As far as I can find, the FAA doesn't define the term landing so it could be argued either way. The "typical" definition of landing is:
1: an act or process of one that lands; especially : a going or bringing
to a surface (as land or shore) after a voyage or flight
That definition doesn't say that it has to be "controlled" or that the airplane has to be usable again! Even if you decide that it wasn't a "successful landing", you could always get your third landing later if you are still allowed to fly, and then carry the passengers.
So this brings us to the second part of your question: Are you allowed to fly after an accident?
Since you had an accident (as defined by 49 CFR 830) you must immediately notify the NTSB of the accident. Once you do that, you have 10 days to file the required report.
At this point, you still have a valid pilot license and can legally fly another airplane.
Chances are however, that you will be receiving a certified letter from the local FSDO requiring a reexamination in order to keep your license because your competence has been called into question. If you don't call them to make an appointment, they will start the process to suspend your certificate. During this time, you can also continue to fly because you still have a valid license.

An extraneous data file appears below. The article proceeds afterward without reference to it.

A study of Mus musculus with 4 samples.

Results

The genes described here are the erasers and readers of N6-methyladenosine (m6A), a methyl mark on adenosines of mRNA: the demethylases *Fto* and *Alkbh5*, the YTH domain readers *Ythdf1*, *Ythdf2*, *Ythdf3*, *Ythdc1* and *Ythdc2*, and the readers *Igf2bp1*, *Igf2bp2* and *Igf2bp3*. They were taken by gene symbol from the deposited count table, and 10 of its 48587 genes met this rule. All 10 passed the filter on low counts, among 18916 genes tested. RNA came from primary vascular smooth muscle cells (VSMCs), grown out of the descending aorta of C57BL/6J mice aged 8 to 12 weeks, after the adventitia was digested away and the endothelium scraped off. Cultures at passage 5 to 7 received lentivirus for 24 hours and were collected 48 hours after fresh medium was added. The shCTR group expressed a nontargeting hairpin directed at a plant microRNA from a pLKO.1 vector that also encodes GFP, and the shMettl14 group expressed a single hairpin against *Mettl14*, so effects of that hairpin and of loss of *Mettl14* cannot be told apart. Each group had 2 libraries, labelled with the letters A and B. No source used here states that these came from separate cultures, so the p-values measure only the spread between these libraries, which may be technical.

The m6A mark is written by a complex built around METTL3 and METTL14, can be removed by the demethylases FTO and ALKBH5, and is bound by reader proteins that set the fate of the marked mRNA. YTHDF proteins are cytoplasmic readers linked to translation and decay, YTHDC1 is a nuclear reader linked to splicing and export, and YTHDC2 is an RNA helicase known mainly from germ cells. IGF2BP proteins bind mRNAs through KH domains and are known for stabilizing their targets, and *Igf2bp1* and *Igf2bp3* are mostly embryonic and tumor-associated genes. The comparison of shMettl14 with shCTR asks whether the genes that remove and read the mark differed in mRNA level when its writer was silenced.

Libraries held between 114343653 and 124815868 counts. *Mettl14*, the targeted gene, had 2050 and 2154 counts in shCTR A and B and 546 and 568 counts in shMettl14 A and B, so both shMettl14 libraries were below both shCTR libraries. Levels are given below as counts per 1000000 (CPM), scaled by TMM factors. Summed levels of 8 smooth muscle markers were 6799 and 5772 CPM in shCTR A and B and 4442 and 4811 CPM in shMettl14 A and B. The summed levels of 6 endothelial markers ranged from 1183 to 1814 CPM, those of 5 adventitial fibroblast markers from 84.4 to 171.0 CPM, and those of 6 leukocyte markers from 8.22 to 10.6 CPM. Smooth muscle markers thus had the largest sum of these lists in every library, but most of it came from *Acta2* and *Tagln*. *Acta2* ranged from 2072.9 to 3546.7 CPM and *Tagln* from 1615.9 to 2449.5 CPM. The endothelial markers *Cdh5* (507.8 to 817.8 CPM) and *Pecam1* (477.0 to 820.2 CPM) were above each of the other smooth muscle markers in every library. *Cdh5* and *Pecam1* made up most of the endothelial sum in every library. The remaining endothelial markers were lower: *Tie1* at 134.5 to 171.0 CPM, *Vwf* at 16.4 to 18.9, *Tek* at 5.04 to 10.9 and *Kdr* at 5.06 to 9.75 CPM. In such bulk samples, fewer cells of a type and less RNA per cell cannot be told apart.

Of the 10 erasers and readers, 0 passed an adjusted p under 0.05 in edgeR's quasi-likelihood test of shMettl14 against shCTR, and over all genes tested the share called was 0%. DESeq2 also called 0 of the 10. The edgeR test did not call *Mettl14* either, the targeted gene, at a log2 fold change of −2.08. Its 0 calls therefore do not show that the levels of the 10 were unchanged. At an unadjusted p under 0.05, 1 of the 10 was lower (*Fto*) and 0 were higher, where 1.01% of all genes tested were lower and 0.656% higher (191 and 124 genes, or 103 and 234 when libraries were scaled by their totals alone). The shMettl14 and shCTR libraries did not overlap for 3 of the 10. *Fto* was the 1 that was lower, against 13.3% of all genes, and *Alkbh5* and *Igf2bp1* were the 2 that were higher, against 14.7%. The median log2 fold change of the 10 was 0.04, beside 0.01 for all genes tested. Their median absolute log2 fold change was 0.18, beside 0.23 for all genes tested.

The FAA can also use their emergency authority to immediately suspend your license if they feel that it is warranted. This can be appealed to the NTSB if you feel that it isn't justified, and they have up to five days to respond. At this point you are not allowed to fly pending the response from the board.
This, and a lot more information can be found on AOPA's FAA Enforcement Webpage.